NDP Convention 2013: Resolution on Electoral Reform

NDP Convention 2013 (Photo NDP.ca)By: Obert Madondo | The Canadian Progressive:

5-02-13 Resolution on Electoral Reform, submitted by Craig Scott, the MP for Toronto-Danforth.

WHEREAS the current federal electoral system contains major shortcomings generating a significant democratic deficit;

WHEREAS the decline in voter turnout in federal elections in the last twenty years in Canada is worrying;

WHEREAS any electoral reform process must include the study of all relevant experience with an electoral system that includes both proportional representation and MPs directly elected in ridings;

BE IT RESOLVED THAT the federal New Democratic Party reaffirm its desire to reform Canada’s electoral system by way of a system that combines proportional representation and direct election of  Members of Parliament from constituencies, that is to say, through a version of mixed member proportional (MMP) representation that is adapted to Canada.

BE IT FURTHER RESOLVED THAT the NDP reaffirms its longstanding electoral commitment to such reform and its firmly held belief that Canadian voters must approve such reform.

BE IT FINALLY RESOLVED THAT the federal NDP’s Critic and Deputy Critic for Democratic and Parliamentary Reform should consult widely in communities across Canada before the next federal election.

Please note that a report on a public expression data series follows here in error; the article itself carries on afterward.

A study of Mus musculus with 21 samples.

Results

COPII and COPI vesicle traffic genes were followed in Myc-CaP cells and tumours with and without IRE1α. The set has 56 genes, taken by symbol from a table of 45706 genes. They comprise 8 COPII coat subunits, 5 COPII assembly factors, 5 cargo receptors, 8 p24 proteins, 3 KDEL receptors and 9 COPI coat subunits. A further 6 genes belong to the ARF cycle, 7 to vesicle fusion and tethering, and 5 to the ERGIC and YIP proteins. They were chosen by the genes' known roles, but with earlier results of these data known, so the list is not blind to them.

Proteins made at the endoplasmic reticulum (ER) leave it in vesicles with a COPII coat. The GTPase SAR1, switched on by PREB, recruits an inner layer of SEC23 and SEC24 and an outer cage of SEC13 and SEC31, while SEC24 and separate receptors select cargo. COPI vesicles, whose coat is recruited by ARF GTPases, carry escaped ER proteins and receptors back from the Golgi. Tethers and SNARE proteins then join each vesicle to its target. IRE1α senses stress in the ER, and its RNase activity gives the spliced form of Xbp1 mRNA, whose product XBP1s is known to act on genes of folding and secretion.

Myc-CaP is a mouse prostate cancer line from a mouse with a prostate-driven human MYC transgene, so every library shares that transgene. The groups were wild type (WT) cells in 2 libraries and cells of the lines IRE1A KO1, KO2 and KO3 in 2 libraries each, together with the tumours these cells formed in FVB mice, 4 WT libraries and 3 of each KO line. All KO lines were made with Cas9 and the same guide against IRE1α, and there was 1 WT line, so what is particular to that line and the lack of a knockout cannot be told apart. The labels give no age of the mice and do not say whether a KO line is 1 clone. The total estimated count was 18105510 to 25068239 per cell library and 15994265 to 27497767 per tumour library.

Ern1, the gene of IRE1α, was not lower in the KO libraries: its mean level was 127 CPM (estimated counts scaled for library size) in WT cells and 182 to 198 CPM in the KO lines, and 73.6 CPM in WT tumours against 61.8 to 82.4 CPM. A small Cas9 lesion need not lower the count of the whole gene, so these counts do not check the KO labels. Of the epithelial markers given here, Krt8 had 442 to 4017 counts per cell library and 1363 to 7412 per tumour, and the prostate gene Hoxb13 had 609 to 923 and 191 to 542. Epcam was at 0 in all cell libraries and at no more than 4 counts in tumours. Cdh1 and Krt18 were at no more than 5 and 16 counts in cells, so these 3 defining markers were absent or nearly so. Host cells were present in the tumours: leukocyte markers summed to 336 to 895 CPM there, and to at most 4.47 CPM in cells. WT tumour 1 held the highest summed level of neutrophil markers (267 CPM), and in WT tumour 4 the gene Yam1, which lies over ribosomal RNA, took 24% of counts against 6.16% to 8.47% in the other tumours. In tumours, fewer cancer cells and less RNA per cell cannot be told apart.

Motion passed.

One thought on “NDP Convention 2013: Resolution on Electoral Reform”

  1. newoldmedia says:

    Electoral Reform is one of three essential changes that we must make soon to our Democratic Process and Government.  
    Election financing is another.  Level the playing field among those parties that have large corporate, union or other “friends” with the evolving parties that are building on a different value set.
    Full cost accountability is the third.   Full disclosure of environmental, social and economic values.  All budgets, plans, programs and projects of Government need to be fully accounted for if Government is to contribute to a sustainable Canada.  Full accounting will level the playing field when alternative projects and plans have very different timing profiles as to their costs and benefits.  For example, a coal fired electricity plant vs. conservation — a level playing field insists that social and environmental costs and benefits be included in the trade-off analysis.